Disability charity Contact a Family’s Counting the Costs survey of over 3,500 respondents shows that:

70% say stigma of claiming disability benefits for their children has increased in the last two years.

62% don’t tell people that they claim benefits for their disabled child.

11% received verbal insults from friends/family members because they claim benefits for their disabled child.

Of 481 surveyed parents not claiming Disability Living Allowance, nearly one in 5 (18%) said they felt uneasy claiming benefits for their child.

Last year the charity ran a project with the Family Fund to identify low income families with disabled children who were not claiming any financial support, and work with them to help them get what they were entitled to.

The families helped by the project increased their income by an average of £3,500 a year by claiming what they were entitled to for their child.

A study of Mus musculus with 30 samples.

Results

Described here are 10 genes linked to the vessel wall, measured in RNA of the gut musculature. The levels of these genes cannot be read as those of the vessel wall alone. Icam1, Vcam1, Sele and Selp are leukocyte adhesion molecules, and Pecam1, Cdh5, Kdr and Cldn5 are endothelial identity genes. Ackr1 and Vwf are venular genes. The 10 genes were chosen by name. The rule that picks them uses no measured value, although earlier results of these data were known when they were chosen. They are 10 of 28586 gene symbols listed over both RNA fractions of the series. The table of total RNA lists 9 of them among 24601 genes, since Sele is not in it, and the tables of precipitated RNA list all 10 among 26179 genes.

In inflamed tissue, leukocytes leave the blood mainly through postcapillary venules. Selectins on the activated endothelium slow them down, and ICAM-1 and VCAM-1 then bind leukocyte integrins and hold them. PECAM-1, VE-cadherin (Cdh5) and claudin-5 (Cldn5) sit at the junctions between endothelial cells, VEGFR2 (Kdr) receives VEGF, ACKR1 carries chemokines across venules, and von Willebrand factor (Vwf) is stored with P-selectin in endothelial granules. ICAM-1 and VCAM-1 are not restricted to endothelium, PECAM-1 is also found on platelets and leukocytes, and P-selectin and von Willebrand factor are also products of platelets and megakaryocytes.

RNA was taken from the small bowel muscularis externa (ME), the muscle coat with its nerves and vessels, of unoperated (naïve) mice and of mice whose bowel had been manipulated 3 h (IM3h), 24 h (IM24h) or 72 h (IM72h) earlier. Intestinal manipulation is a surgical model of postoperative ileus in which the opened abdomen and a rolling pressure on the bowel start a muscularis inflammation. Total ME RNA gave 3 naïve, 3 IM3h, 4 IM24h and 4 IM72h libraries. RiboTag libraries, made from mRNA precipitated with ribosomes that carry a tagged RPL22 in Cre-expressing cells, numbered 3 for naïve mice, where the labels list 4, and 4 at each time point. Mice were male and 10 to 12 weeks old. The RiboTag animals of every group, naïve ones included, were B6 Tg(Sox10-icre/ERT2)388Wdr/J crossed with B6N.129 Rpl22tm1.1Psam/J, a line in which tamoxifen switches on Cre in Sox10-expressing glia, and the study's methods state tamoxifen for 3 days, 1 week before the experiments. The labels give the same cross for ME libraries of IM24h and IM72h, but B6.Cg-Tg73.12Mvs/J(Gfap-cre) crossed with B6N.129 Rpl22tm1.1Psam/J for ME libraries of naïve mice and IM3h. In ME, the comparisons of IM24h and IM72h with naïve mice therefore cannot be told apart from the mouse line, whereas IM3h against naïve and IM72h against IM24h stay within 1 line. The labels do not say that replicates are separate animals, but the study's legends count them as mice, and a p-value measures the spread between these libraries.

When we asked why they had not claimed, the main reason given was to do with misconception of who is eligible – but almost one in five said they did not claim because they felt uneasy about it.

Una Summerson, head of policy at Contact a Family, said: “One reason that shouldn’t stop parents claiming benefits is the feeling that they are not entitled to or should not need extra help.

“It costs three times more to raise a disabled child than a non-disabled child.

“More than a quarter of the 3,500 parents who took part in our survey said that every month they face £300 or more extra costs relating to their child’s disability or health condition. These costs can include high heating bills because a child’s condition requires them to stay warm; travel expenses to and from hospital appointments; special food, and adaptations to the home or car.”

If you are a parent of a disabled child and would like to check whether you might be entitled to DLA or other benefits, call the CAF free helpline on 0808 888 3555 to get a benefits check.

THE charity’s Special Educational Needs Advice Line, which last year answered more than 3,400 enquiries from parents’ worried about their child’s education and disability issues, has just received £30,000 funding from the Freemasons to continue its work.